We’d like to welcome you to INQ, Crikey’s ambitious new inquiry journalism initiative. Starting June 24, INQ investigative reporting — lifting the rocks, connecting the dots, following the money trail and exposing misuse of power — will appear regularly in Crikey.
We look forward to sharing this exciting new phase with you.
Tamsin Creed, Publisher
The legal system in Australia is completely out of touch with Indigenous culture and its preference for collective ownership.
The government's response to the Harper review of competition law follows a pattern of reforming only if it doesn't upset powerful interests.
The timing of the piracy site-blocking bill is somewhat curious ...
If trade ministers have reached a deal on the TPP, it will just be the start of a process by which Australia's national interests will be further damaged.
As the US free-trade agreement turns 10, intellectual property associate professor Kimberlee Weatherall asks: what did it really do for copyright owners?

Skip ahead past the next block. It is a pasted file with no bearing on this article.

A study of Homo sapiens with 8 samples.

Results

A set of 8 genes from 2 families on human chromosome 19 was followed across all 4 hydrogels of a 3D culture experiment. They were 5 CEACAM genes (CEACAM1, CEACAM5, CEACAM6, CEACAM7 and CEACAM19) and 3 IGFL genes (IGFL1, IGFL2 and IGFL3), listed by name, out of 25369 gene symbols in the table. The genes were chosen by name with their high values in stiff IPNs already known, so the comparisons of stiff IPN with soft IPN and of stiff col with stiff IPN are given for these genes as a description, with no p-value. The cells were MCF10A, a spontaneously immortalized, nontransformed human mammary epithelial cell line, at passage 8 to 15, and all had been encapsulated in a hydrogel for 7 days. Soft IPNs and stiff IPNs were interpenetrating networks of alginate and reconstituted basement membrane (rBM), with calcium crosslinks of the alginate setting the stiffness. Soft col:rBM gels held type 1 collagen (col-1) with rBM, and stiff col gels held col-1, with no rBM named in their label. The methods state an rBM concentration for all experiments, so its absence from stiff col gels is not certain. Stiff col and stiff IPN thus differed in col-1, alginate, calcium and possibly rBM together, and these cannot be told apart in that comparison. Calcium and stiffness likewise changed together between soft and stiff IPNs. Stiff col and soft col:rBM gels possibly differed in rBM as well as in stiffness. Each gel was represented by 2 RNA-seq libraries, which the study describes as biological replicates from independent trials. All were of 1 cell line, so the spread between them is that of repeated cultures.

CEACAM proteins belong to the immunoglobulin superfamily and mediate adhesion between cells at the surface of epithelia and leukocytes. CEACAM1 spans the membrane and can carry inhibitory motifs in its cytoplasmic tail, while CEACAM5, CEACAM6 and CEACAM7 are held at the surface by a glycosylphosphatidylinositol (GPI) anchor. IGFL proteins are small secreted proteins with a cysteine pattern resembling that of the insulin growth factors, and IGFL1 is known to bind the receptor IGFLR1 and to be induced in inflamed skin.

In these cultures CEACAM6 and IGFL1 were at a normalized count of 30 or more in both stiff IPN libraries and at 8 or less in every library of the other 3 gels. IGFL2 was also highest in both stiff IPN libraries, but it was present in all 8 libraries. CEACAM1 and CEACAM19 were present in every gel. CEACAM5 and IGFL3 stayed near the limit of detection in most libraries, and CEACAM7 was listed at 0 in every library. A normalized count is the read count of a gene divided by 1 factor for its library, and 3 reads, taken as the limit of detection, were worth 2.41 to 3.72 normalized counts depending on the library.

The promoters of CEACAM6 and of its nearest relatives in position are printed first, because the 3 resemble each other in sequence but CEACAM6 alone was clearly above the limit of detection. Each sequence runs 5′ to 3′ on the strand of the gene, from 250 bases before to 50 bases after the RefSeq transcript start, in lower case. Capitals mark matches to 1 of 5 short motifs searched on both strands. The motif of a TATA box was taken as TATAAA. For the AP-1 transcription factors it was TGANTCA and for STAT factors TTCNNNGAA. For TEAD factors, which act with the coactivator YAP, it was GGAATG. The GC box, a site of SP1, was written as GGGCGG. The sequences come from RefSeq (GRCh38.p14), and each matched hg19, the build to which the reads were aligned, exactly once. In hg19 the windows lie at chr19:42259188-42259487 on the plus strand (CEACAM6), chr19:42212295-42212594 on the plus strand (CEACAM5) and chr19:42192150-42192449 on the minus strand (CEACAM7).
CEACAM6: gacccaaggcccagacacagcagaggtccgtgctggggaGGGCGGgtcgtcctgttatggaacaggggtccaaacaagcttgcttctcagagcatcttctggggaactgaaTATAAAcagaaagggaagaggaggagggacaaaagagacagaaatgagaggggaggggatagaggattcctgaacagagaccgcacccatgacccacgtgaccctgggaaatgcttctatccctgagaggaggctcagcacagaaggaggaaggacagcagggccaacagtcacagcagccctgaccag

There's a consensus among independent economic agencies that we are going about "free trade agreements" the wrong way, but the government is unlikely to listen as it prepares to cave in to US intellectual property demands.
Without an open approach to sharing intellectual property, clean energy technologies will be at the mercy of corporate patent trolls, writes ANU College of Law associate professor Dr Matthew Rimmer.
Canberra is hosting the current round of talks to try to conclude the Trans-Pacific Partnership treaty -- despite the damage it will inflict on the national interest.
The latest draft of the Trans-Pacific Partnership, released by WikiLeaks, is a literal Mickey Mouse agreement, writes Dr Matthew Rimmer, associate professor at ANU college of law.